Normal Pressure Hydrocephalus & Dementia
We think of dementia diagnoses as irreversible, but there is an important exception. Normal Pressure Hydrocephalus (NPH) is one of the few treatable—and often curable—dementias.
Pressure on the brain: What is NPH?
The National Institutes of Health (NIH) describe normal pressure hydrocephalus as “an abnormal buildup of cerebrospinal fluid (CSF) in the brain's ventricles, or cavities. It occurs if the normal flow of CSF throughout the brain and spinal cord is blocked in some way. This causes the ventricles to enlarge, putting pressure on the brain.”
While NPH can occur at any age, it is more common among the elderly, according to NIH. There are some events that can trigger NPH, such as subarachnoid hemorrhage, head trauma, infection, tumor, or complications of surgery. However, in many cases, a cause cannot be pinpointed.
NPH and dementia symptoms
Mental impairment is one of the hallmark symptoms of NPH, along with impaired bladder control and difficulty walking. “The person also may have a general slowing of movements or may complain that his or her feet feel ‘stuck,’” says NIH.
Dementia symptoms may include “loss of interest in daily activities, forgetfulness, difficulty completing routine tasks, and short-term memory loss,” explains the Alzheimer’s Association. Patients may also experience slowed thinking, reduced concentration, and difficulty making decisions.
Because symptoms can mimic other conditions, “many cases go unrecognized and are never properly treated,” according to NIH. Steven Posar, MD, CEO and Chief Medical Officer of GuideStar Eldercare explains that fewer than 20% of these cases are properly diagnosed. “They are typically misdiagnosed as Alzheimer’s or Parkinson’s,” he says.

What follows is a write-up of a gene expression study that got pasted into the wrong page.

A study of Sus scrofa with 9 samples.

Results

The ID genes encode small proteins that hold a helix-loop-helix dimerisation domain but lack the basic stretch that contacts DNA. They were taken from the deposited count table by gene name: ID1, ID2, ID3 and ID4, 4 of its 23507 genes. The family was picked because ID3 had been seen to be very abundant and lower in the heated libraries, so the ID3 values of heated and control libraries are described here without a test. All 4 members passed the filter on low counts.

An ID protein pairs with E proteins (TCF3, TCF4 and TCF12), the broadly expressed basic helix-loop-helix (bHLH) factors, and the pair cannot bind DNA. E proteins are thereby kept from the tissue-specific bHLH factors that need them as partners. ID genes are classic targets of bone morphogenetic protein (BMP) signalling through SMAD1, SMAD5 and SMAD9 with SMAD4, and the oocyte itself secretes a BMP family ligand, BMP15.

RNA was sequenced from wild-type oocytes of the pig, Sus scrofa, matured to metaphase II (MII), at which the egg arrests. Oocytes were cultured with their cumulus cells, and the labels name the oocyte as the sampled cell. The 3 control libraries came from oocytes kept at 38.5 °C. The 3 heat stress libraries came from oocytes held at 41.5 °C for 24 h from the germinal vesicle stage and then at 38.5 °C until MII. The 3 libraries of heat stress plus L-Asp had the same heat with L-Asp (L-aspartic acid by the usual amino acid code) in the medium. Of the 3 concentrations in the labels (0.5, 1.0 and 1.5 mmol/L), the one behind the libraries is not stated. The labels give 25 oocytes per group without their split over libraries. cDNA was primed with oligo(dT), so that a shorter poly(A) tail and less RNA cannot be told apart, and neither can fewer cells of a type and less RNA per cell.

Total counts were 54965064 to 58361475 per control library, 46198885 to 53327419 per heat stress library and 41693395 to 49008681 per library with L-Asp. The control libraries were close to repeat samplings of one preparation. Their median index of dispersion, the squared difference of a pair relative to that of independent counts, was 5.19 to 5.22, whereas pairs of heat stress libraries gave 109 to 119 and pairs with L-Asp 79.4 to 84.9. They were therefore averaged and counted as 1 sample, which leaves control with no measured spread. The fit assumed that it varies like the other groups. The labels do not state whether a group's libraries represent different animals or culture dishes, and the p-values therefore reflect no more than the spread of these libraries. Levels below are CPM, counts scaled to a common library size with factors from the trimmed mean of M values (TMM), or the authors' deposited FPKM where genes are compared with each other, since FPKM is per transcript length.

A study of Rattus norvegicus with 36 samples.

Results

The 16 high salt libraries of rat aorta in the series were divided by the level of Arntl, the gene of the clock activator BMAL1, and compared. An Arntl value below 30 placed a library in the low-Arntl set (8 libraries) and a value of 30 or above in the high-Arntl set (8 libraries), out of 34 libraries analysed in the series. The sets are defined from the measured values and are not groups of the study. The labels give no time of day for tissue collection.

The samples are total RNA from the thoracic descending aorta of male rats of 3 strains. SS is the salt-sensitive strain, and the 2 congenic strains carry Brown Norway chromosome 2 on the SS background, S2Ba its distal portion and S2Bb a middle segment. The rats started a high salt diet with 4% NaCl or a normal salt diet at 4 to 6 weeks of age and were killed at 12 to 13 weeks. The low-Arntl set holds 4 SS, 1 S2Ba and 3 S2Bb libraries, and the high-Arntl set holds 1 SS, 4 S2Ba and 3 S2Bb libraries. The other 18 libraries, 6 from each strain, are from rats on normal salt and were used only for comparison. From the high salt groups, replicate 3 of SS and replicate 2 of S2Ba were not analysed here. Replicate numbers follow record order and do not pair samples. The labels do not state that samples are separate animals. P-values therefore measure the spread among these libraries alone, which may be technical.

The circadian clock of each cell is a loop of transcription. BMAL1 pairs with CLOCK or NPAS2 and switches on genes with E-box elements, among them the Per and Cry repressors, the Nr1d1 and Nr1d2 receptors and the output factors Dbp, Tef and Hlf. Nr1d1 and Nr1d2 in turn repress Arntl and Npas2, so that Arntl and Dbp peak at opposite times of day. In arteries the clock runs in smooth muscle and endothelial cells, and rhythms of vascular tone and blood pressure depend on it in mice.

Brain imaging, clinical examination, and “examination by a neurologist with extensive experience evaluating brain disorders that affect movement, thinking skills and physical functions” are crucial components of reaching an accurate diagnosis, says the Alzheimer’s Association.
A common treatment for NPH is ventricular shunting to relieve the pressure. Not every patient is a candidate for surgery, and not every case is the same. However, “early diagnosis and proper treatment have a positive impact on prognosis,” according to NIH. “In the best of circumstances, chances of improvement are 80%,” says the Alzheimer’s Association.
Crucial neurology expertise
Since launching consultative bedside neurology as a third clinical service arm to its on-site clinical care for long-term care facilities in July 2022, the GuideStar Eldercare has already corrected the diagnoses of five patients with NPH.
The neurology service engages the skills of specially trained Nurse Practitioners, who perform neurologic screening for residents. This is followed by interdisciplinary consultation with Olaniyi Osuntokun, MD, Corporate Medical Director, who is board-certified in both neurology and psychiatry, and Dr. Posar, to plan a course of care. The new service advances the ability of clinical teams to identify key neurological diagnoses such as NPH that provide keys to effective, individualized care plans.
Learn more about how bedside neurology services can improve outcomes for your long-term care residents. Contact us today.